DALLAS - Lower oil prices continue to punish Exxon Mobil Corp. (XOM), which reported its weakest quarterly profit in nearly 17 years.
Exxon still earned $1.7 billion in the second quarter. It was, however, down 59 percent from a year ago, and per share income missed Wall Street expectations.
The energy giant cited lower prices for oil and gas and weaker margins from its refining operations.
Chairman and CEO Rex Tillerson said Friday that the results "reflect a volatile industry environment."
The company is cutting exploration spending to manage through the lower prices.
Exxon shares had climbed nearly 30 percent since late January as crude prices rallied from a deep slump. But more recently oil prices have fallen back due to high inventories and the continued sluggish global economy - this week, U.S. oil hit a three-month low, and Exxon shares lost 4 percent through Thursday's close.
Exxon's report followed weak second-quarter results from BP and Shell.
While oil companies are seeing profits shrink, consumers are enjoying the benefit of cheaper energy. The average U.S. price for a gallon of regular gasoline stood at $2.14 on Friday, the lowest price since April, according to auto club AAA.
Gasoline prices are skidding because of high inventories. The decline in pump prices defies the usual pattern of higher prices during summer, when people drive more. Motorists are filling up on the cheapest July gasoline in 12 years, the auto club says.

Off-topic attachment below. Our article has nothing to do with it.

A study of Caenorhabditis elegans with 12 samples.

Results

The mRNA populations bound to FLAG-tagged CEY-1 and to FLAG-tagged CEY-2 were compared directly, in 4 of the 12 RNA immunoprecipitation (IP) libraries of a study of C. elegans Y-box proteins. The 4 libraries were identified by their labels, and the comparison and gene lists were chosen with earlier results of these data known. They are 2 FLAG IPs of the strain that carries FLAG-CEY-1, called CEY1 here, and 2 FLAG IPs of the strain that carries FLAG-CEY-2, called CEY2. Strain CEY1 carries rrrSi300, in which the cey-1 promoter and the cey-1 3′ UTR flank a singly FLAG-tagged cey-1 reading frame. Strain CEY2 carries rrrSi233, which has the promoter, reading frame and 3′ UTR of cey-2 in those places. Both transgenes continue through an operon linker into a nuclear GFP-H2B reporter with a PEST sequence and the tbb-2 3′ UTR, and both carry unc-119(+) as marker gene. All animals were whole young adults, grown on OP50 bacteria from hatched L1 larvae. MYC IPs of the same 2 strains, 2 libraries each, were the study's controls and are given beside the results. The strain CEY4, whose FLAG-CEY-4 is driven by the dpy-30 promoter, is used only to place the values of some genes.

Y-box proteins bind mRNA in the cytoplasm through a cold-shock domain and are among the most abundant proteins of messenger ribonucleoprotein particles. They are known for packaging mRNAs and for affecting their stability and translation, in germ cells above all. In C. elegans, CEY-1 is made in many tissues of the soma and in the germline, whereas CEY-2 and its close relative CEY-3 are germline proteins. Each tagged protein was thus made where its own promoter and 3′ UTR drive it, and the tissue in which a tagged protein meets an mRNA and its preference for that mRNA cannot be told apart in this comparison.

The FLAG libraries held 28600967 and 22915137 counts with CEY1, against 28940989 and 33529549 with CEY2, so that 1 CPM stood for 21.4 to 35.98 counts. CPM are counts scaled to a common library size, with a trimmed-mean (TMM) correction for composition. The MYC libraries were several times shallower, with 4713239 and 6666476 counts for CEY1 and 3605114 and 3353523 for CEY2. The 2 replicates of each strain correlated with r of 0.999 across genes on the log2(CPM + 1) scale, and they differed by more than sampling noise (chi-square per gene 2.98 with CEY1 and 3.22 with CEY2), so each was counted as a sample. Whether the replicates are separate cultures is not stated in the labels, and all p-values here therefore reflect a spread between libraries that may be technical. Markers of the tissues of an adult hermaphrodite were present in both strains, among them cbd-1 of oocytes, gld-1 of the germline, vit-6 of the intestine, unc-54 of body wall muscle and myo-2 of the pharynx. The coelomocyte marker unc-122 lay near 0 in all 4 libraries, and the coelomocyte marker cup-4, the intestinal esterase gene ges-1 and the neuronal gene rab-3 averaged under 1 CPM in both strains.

Exxon's net income was lower than the $1.8 billion it earned in the first quarter and the Texas-based company's smallest profit since the third quarter of 1999, when it earned $1.5 billion.
The profit equaled 41 cents per share, well below the 64 cents per share forecast from 21 analysts surveyed by FactSet. Exxon did not exclude any one-time costs from the per share calculation.
Revenue fell 22 percent, to $57.69 billion.
Exxons production of oil and gas was nearly unchanged, but the comnpany's capital and exploration spending tumbled 38 percent from a year earlier, to $5.2 billion.
Eventually, analysts say, that kind of lower spending by Exxon and its rivals will translate into lower production, smaller supplies and higher prices for oil.
In recent weeks, Exxon announced a major oil discovery off the coast of South America and announced it would pay $2.5 billion for InterOil Corp., a deal designed to grab more of Asias growing demand for natural gas.
Exxon shares fell $2.42, or 2.7 percent, to $87.78 in premarket trading about 30 minutes before Friday's opening bell.